Teckno 2030: future scenarios as stepping stones to developing the guiding principles
The Fund Dr. Daniël De Coninck and the King Baudouin Foundation assembled a diverse group of health tech developers, researchers, care providers and associations representing patients and their carers around the “Teckno 2030” project.
Exploring the future was used as the methodology to develop the eight guidelines for caring technology. Participants were asked to describe four possible worlds in the year 2030 and to explore, with unrestricted imagination and creativity, the role of technology in health and well-being in these worlds. The task was not one of imagining a desired future, but rather of examining what was plausible and relevant. Overall, these universes show us how technology can develop in different social contexts and the implications for individuals, organisations, stakeholders and society.
Exploring the future enables participants in a discussion to go beyond current limits and to develop ideas about consequences related to today’s political choices for society.
World 1. Healthy is the new normal
Focus on common good, passive citizens
Our world has seen the balance between curative healthcare and preventative care turned upside down. Digital, data-based technology, is now enabling individual and collective adjustments to be made through education and coaching, but also by ‘nudging’ , a subtle means of developing people’s behaviour towards a healthy and protective lifestyle.
People have few problems with this because they are somewhat passive and, in their eyes, technology is a ‘black box’, about which they understand very little. Their lives are spent mainly in supportive residential neighbourhoods and blocks, where they find it agreeable to live.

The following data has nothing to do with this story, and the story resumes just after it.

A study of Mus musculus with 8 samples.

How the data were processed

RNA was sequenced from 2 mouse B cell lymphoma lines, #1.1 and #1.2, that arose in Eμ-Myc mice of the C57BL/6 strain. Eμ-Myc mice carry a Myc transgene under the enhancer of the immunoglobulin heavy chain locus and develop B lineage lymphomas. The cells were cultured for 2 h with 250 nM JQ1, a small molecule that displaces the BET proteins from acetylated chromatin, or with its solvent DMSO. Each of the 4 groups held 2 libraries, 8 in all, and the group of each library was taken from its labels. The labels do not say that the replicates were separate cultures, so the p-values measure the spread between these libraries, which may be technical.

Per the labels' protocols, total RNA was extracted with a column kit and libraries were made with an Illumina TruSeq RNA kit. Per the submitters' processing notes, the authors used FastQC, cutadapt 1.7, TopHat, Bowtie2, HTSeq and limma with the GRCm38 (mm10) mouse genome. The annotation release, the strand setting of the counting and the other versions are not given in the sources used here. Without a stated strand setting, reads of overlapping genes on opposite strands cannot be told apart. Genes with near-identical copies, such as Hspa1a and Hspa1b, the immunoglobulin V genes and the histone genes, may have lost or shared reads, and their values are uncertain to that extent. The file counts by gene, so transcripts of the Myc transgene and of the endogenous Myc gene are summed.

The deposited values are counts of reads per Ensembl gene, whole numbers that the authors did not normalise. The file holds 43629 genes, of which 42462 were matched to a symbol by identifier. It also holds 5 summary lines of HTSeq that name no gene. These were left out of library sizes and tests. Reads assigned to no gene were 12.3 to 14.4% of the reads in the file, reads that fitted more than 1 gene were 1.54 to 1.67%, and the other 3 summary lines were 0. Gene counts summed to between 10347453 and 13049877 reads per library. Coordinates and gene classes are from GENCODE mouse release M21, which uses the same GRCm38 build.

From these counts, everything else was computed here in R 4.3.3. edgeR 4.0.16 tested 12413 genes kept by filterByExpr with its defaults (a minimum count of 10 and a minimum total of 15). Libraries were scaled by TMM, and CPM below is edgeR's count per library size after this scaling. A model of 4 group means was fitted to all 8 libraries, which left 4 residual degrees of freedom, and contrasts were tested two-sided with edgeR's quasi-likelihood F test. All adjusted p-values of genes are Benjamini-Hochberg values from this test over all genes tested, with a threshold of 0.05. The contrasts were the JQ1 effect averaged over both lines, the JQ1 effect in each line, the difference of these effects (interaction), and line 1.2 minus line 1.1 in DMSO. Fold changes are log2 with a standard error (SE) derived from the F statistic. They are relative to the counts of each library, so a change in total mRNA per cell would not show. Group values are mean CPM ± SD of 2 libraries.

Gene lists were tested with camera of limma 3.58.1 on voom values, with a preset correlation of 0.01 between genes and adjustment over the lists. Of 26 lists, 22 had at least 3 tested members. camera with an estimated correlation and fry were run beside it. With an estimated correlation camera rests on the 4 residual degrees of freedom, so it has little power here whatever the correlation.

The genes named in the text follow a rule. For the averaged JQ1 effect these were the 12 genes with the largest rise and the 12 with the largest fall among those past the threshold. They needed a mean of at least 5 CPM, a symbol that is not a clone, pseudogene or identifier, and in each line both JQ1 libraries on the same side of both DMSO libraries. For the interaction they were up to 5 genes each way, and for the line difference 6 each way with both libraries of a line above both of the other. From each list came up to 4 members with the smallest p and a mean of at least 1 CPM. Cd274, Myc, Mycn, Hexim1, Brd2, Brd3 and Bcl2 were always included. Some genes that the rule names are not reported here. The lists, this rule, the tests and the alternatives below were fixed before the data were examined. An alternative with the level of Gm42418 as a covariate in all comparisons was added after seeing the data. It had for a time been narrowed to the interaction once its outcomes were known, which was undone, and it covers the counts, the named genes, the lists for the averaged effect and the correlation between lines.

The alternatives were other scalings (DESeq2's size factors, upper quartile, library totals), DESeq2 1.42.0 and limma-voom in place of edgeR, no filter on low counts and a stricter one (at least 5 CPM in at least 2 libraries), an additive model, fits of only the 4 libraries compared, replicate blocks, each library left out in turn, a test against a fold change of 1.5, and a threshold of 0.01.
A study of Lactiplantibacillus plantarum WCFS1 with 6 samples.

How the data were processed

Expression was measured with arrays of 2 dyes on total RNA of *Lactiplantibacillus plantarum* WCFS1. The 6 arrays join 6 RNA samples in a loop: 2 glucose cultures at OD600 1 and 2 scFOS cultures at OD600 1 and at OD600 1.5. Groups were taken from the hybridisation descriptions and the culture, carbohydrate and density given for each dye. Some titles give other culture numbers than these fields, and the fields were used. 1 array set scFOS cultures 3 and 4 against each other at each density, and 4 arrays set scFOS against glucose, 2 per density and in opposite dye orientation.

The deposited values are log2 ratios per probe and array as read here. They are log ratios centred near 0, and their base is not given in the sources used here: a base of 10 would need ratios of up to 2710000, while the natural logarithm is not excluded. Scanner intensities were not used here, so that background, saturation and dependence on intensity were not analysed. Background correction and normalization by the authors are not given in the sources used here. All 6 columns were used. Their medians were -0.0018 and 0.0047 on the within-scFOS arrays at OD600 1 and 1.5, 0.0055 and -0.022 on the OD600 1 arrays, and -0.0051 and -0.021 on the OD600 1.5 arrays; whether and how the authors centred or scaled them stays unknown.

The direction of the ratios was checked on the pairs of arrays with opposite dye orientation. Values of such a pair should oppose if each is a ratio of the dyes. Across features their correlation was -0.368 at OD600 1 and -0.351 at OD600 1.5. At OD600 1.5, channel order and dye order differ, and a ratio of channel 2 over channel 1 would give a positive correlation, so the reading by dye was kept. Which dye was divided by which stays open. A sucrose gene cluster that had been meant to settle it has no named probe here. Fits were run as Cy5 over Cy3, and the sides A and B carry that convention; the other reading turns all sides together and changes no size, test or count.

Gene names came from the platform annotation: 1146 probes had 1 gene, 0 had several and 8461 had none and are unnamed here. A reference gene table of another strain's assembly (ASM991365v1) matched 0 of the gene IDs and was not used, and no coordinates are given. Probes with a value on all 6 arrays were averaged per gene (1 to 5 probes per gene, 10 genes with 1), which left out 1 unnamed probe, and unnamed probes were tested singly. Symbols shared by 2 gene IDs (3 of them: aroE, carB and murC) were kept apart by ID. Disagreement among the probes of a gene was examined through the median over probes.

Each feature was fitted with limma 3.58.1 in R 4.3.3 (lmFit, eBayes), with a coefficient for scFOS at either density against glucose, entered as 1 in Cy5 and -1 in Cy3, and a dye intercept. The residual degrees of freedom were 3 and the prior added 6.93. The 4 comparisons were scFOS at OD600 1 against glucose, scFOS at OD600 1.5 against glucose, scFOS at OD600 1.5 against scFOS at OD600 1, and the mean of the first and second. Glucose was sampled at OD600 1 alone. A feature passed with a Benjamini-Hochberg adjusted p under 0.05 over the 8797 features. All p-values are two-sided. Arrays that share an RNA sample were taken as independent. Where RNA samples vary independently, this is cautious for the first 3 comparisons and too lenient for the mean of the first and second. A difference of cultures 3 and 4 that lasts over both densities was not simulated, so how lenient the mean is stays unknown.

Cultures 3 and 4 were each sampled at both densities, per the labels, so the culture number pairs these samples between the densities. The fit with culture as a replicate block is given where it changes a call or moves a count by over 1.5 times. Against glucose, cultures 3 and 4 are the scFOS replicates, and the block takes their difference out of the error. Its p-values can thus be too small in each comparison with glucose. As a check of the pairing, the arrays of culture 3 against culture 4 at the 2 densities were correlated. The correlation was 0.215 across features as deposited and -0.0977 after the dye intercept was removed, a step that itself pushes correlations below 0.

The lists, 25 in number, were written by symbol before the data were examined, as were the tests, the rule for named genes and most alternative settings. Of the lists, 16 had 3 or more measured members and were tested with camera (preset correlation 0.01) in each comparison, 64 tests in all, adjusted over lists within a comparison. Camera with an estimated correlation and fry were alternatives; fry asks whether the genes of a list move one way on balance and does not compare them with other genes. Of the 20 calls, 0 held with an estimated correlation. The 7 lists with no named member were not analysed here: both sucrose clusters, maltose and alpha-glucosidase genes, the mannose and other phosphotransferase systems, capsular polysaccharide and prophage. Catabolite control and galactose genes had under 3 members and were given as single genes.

World 2. Dominos, or something like that ...
Focus on personal objectives, passive citizens
Individualism predominates, but the people are not very active and have no power. And government is absent. Healthcare has been privatised. Insurance companies have become partners with data companies and commercial service providers. These powerful conglomerates are constantly launching new technological products destined for health and well-being, but what they offer only partially meets people’s real needs.
Large private stakeholders monopolise the market … and day-to-day life. Citizens are above all considered as consumers, even in the fields of health and care. Technology and data exploitation deepen the health gap. Those who have digital skills hold their own, whilst those who are vulnerable and falling into poverty find it difficult to get back on their feet.
World 3. Dar-win or lose
Focus on personal objectives, active citizens
‘The winner takes all’ could well be the mantra for this society. In our hyper-connected world, driven by technological innovation, a new type of capital has emerged: data have become a new currency and a personal asset. Citizens who are aware of this and well-informed waste no time in commercialising their data. However, this world is not without a certain form of solidarity. It manifests itself at micro level (micro-solidarity) and is supported by crowdfunding and loans. People who have common needs or skills make themselves known and contact each other through global networks and communication platforms. They take initiatives themselves and work to find solutions that meet their needs or the needs of others. Even though not everyone has the soul of a tech-nerd, people know how to introduce technological innovations into their lives.
World 4. BEtter AGeing for healthy Living and dying (BEAGL)
Focus on common good, active citizens
Data, algorithms and technology are considered to be a public good. With maximal accessibility, they are shared in a transparent manner, for everyone’s benefit. Open source is obvious, our privacy is a thing of the past. Technology and innovation answer real needs and serve the common good. However, everything can be improved. This is why BEAGL is a society of learning. Political choices are refined thanks to new knowledge and a progressive vision. Citizens participate in every level of decision-taking. People are eager to learn because they want to make informed choices. Everyone feels in the same boat and is willing to take the helm.